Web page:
From the A. Smith Bowman website:
A. Smith Bowman's distilling roots date back to the years before Prohibition. In 1927, after the Repeal of Prohibition, Abram Smith Bowman and his sons relocated to Virginia continuing the family tradition with the distillation of bourbon. The original distillery was located on the Bowman family homestead in Fairfax County, Virginia called Sunset Hills Farm.Wikipedia adds the following about the building:
The building in which the distillery originally operated was constructed circa 1892, serving as the town hall for Wiehle, as well as a church. It was listed on the National Register of Historic Places National Park Service in 1999, and has been the subject of several rezoning applications. A proposal to construct condominiums on the site was approved September 24, 2007. An earlier version of the proposal mentioned 8 units as new buildings (on 0.23 acres), in addition to constructing 3 units within the historic structure, while noting that it replaced a planned use of the structure as cultural center (i.e., for the Greater Reston Arts Center).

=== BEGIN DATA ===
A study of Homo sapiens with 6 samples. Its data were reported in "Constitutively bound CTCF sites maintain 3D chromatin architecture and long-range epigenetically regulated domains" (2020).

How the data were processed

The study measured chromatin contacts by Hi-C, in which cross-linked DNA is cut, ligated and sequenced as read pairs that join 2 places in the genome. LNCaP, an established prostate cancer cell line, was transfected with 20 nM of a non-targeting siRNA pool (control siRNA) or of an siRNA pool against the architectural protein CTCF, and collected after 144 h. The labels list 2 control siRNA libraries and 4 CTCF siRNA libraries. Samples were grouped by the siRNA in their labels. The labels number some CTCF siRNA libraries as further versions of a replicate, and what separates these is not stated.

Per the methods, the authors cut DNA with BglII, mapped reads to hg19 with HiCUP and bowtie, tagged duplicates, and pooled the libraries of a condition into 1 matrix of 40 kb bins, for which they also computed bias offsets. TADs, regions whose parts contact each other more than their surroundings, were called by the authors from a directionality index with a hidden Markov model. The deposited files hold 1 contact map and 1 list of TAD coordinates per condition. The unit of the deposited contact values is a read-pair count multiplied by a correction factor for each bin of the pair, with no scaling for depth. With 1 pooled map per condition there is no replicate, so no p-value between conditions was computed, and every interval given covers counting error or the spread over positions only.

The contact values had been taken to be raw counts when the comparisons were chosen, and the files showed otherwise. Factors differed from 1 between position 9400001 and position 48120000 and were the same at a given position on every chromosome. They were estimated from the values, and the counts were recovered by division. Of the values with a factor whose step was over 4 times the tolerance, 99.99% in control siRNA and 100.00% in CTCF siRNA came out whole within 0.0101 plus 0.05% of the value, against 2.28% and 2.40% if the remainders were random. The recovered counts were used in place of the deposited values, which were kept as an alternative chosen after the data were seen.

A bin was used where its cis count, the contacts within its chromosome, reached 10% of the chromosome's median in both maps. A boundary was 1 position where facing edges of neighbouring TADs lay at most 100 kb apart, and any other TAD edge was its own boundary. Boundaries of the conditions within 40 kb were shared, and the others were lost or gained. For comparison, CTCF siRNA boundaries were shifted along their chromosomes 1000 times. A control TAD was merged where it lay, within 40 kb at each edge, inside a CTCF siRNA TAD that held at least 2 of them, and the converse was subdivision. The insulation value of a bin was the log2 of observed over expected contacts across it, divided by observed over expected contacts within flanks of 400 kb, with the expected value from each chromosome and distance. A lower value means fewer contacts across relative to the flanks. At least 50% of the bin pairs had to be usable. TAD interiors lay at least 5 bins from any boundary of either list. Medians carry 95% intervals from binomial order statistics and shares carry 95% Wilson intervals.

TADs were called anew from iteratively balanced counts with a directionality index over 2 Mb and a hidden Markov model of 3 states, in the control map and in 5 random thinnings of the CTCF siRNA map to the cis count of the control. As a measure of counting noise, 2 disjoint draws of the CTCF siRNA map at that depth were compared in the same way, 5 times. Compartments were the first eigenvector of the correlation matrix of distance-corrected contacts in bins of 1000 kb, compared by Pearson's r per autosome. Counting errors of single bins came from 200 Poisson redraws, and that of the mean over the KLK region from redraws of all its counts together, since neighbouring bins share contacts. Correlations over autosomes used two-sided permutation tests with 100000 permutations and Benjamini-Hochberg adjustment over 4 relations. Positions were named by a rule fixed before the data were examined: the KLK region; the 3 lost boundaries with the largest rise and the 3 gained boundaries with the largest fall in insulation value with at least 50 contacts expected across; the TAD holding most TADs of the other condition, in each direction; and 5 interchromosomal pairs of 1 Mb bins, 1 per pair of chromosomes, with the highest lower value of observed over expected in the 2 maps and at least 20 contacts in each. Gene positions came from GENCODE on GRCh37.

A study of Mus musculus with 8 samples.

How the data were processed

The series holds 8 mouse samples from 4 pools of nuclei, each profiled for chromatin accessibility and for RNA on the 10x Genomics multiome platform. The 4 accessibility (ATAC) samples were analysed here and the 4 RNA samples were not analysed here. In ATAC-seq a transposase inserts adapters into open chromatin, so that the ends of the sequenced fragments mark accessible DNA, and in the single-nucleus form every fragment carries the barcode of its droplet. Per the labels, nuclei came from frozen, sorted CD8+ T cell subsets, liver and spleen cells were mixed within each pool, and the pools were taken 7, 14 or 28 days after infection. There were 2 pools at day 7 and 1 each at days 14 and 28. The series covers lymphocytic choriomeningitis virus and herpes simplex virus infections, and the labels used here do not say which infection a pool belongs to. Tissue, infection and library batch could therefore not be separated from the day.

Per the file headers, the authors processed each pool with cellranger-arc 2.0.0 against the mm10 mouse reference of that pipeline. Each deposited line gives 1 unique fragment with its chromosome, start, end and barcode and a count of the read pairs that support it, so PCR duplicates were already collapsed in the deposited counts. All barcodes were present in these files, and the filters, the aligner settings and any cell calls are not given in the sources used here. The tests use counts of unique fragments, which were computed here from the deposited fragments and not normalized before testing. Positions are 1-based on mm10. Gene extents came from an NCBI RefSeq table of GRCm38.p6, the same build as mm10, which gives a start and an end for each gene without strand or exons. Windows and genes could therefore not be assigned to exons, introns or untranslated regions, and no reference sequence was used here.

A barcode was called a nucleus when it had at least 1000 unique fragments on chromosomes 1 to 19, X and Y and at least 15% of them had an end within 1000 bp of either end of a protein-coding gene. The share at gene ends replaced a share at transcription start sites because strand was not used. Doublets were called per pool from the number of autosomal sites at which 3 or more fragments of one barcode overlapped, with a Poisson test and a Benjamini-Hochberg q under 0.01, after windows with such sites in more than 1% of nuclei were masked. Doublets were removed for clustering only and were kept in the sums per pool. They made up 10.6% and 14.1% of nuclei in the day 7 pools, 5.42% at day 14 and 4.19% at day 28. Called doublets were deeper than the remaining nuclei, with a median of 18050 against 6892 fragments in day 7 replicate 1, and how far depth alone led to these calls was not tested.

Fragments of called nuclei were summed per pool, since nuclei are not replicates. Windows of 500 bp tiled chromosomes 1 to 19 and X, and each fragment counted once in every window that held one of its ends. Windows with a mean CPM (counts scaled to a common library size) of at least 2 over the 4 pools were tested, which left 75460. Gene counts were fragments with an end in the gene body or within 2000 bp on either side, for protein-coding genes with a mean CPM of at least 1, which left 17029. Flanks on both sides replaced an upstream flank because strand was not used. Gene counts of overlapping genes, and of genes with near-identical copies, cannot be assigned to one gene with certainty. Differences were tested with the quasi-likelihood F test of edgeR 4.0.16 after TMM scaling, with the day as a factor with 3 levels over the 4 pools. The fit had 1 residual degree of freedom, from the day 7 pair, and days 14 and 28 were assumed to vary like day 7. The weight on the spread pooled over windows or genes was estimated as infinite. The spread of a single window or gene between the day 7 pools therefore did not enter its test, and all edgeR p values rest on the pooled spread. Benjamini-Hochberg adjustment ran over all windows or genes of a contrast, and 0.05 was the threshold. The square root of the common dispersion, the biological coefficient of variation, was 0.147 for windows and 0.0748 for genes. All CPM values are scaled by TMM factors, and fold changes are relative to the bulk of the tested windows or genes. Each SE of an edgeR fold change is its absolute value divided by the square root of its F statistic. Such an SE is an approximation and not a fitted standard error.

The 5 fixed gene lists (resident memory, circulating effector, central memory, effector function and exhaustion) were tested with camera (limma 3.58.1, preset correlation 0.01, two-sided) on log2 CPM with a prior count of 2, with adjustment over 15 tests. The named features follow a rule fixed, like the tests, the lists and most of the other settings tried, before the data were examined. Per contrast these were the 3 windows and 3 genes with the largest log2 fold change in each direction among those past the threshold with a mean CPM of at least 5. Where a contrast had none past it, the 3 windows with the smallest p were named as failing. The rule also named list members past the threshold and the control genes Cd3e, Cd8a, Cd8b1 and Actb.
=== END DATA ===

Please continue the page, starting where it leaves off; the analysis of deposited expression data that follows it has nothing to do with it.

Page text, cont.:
Story goes that Bob Simon was actually testing the fine Virginia bourbon whiskey at the distillery shortly after it opened in 1934 when he came up with the new-fangled idea of a "planned community" in the wilds of northern Virginia linked to Washington by the fine Washington & Old Dominion rail line. One could also ride a horse, take a carriage, or drive one of Mr. Ford's Model T's down the Leesburg Pike to Tysons Corner (back when it was just a corner) and then on to Old Dominion to Chain Bridge to get to the capital.
OK, that's not exactly how it went down, but it's easy to imagine! What is true is that this century-old building has served as a town hall, a church, and a distillery. Seems like a pretty good lifetime mix of uses!